Forget about the bug in your soup. Is there an anti-seizure drug in your coffee? An antibiotic in your lemonade? A hormone in your popsicle? Such concerns arose from a recent survey by the Associated Press that found trace levels of pharmaceuticals in many of the nation’s water supplies.
The survey showed that many communities aren’t testing for the presence of drugs in drinking water, and those that do often fail to report the traces of pharmaceuticals and personal care products (collectively referred to as PPCPs) found. The furor surrounding the survey’s release prompted many water managers to look at better screening and fuller disclosure of what’s in their water.
Keeping It Clean
Keeping these contaminants out of the water in the first place, however, received much less publicity. PPCPs get into our water supplies from many sources: through sinks and toilets, runoff from fields where animals are kept or crops are grown, or leaching into groundwater.
While some researchers estimate that pharmaceuticals entering the water chain through toilets constitute only 10 percent of the trace levels found, it’s one of the more easily addressed ways of keeping PPCPs out of the supply in the first place.
“We’re trying to educate the public that flushing (prescriptions) is not a good idea,” says Suzanne Rudzinski, deputy director of the Office of Water in the Environmental Protection Agency’s Office of Science and Technology. Guidelines from several federal agencies call for people to mix their unused prescriptions with coffee grounds or kitty litter and then pour the mixture into a plastic bag or another container with a tight seal before disposal.
The Web site of the Office of National Drug Control Policy describes recommended disposal techniques but notes that the Food and Drug Administration has singled out certain drugs that should be flushed down the toilet, including OxyContin and Percocet, because concerns about their potential for abuse outweigh other policy issues.
The EPA is considering take-back programs, Rudzinski says, and has funded two pilot grants. A program in St. Louis, Mo., is taking uncontrolled substances back at grocery stores and pharmacies. The University of Maine’s Center on Aging is looking into providing a return mailer for senior citizens’ unused prescription drugs that would go to a post office box under control of the Maine Drug Enforcement Agency.
J.C. Davis, a spokesperson for the Southern Nevada Water Authority, says the authority has considered the disposal question and sees chain-of-custody problems with general programs aimed at returning drugs to pharmacies. One way to address the problem, he suggests, is to focus at point sources with high concentrations, such as long-term care facilities and retirement villages.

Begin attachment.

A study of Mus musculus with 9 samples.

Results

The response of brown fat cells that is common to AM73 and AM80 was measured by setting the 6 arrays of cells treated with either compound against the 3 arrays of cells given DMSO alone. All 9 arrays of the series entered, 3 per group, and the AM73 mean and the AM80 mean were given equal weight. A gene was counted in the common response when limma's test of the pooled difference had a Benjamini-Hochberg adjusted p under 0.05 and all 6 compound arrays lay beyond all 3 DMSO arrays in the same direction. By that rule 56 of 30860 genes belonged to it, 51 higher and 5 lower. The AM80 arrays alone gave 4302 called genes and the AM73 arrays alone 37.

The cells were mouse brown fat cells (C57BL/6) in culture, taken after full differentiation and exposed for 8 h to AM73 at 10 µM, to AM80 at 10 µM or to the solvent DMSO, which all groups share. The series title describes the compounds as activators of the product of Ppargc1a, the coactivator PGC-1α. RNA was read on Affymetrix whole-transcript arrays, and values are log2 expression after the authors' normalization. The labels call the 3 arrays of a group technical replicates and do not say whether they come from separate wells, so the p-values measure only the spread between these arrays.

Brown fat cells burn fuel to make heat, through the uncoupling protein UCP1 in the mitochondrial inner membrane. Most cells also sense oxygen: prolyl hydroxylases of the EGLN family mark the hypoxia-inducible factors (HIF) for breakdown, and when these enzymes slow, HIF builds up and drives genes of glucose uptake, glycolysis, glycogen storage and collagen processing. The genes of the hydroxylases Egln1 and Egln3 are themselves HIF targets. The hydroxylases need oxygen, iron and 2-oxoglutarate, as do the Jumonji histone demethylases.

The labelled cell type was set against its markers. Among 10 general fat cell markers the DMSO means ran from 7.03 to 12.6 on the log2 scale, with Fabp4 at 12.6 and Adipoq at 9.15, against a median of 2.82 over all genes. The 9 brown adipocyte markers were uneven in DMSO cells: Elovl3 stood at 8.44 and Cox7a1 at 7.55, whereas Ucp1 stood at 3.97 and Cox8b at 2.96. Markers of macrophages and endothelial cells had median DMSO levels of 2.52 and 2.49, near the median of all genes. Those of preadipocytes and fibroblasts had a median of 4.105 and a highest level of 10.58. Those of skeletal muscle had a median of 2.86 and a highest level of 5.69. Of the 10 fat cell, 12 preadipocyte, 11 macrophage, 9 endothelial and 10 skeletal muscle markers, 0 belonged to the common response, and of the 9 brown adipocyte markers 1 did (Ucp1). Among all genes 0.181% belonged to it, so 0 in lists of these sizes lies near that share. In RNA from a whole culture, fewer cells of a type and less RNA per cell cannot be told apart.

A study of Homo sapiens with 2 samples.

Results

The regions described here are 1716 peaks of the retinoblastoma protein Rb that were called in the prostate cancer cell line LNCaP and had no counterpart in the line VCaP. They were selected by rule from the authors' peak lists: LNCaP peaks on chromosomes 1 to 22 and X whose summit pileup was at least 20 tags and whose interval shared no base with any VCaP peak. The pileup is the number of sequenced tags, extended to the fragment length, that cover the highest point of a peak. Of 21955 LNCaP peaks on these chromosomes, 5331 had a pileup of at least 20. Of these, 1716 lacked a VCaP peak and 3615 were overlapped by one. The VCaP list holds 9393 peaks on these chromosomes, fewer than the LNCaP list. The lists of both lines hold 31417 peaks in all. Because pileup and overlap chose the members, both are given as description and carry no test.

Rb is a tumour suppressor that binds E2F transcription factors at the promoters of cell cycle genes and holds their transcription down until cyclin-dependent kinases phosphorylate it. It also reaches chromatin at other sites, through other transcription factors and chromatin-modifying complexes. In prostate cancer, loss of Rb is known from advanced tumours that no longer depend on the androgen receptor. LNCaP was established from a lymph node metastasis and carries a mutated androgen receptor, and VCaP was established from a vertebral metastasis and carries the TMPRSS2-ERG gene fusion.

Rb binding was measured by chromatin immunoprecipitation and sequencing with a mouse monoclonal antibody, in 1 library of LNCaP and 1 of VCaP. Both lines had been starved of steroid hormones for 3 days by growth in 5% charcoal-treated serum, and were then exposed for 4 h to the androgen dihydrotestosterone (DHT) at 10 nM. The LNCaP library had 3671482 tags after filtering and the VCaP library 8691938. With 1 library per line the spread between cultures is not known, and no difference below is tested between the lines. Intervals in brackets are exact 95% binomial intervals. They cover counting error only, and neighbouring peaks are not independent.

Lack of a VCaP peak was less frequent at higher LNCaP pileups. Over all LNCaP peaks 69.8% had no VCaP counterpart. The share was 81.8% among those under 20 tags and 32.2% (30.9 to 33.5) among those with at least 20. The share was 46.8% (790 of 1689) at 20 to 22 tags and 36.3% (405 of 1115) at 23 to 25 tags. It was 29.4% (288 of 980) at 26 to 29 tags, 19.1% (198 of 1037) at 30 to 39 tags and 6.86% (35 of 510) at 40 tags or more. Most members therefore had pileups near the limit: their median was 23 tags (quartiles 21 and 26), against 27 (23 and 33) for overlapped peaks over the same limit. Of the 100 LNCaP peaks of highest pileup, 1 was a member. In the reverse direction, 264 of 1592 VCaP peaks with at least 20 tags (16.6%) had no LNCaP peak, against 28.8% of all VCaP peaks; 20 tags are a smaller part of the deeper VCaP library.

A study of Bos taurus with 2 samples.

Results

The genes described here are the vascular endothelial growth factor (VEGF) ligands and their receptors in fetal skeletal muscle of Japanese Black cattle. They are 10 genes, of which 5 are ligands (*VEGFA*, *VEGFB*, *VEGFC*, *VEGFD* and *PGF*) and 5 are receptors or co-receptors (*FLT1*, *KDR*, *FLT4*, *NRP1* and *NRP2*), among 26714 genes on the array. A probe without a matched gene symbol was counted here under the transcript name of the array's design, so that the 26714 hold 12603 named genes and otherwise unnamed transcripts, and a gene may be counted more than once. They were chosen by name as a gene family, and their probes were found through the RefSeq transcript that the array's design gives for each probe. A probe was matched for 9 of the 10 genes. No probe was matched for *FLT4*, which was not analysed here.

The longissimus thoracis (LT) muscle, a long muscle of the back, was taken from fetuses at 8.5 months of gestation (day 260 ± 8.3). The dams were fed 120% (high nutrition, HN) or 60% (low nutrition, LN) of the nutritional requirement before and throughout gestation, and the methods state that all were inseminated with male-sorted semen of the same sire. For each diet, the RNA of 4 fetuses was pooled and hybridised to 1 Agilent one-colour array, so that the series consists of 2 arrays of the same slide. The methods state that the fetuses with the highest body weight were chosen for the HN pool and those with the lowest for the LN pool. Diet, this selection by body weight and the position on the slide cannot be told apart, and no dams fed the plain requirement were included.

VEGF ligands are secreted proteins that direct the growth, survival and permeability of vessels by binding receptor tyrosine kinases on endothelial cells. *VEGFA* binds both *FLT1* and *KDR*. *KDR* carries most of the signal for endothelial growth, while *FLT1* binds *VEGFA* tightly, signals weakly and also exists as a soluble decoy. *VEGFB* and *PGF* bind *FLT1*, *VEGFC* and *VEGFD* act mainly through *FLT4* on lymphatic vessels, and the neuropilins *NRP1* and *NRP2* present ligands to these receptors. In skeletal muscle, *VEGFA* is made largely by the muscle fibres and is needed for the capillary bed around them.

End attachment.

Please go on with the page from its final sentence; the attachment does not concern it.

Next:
And Cleaning It Up
As in so many issues, global warming creates a new set of challenges. Not only will water managers need to find ways of removing bugs like Cryptosporidium and trace PPCPs (or even arsenic and radon) from their water supplies; they will increasingly be looking for new sources of water — which often will mean finding the most cost-effective ways of recycling wastewater.
Two new projects are using multiphase state-of-the-art processes that likely will be the wave of the future — but at much greater cost than common methods used today.
In coastal Orange County, Calif., the Groundwater Replenishment System takes treated water from sewage facilities and uses three processes: microfiltration, which removes small suspended particles and some bacteria; reverse osmosis, where water is directed under high pressure through thin membranes, eliminating salts, viruses and pesticides; and an ultraviolet light and hydrogen peroxide treatment, which breaks down organic compounds.
The result is water similar in quality to pure distilled water. Some of the water is injected along the Pacific coast to maintain a seawall barrier for the groundwater basin. The rest is allowed to seep naturally into the groundwater aquifer, where it is buffered with natural minerals.
The Prairie Waters Project in Aurora, Colo., will take water through riverbank filtration wells on the South Platte River 34 miles downstream from the city, naturally filter it through sand and gravel over 30 days and then pump it back to a new facility where it will undergo four more purification processes: softening, UV oxidation, filtration and granulated activated carbon adsorption.
Scott Ingvoldstad, a spokesperson for the project, says pilot tests have shown that pharmaceuticals and hormones are being removed through the multibarrier process. Advanced UV oxidation is one of the components that provides an effective removal of PPCPs, he says, adding that the use of natural purification with the advanced treatments “produce a very high-quality and reliable water supply.”
The future will likely see researchers identifying the most potentially harmful PPCPs and water managers designing treatment systems to address the most critical contaminants found in their particular water sources.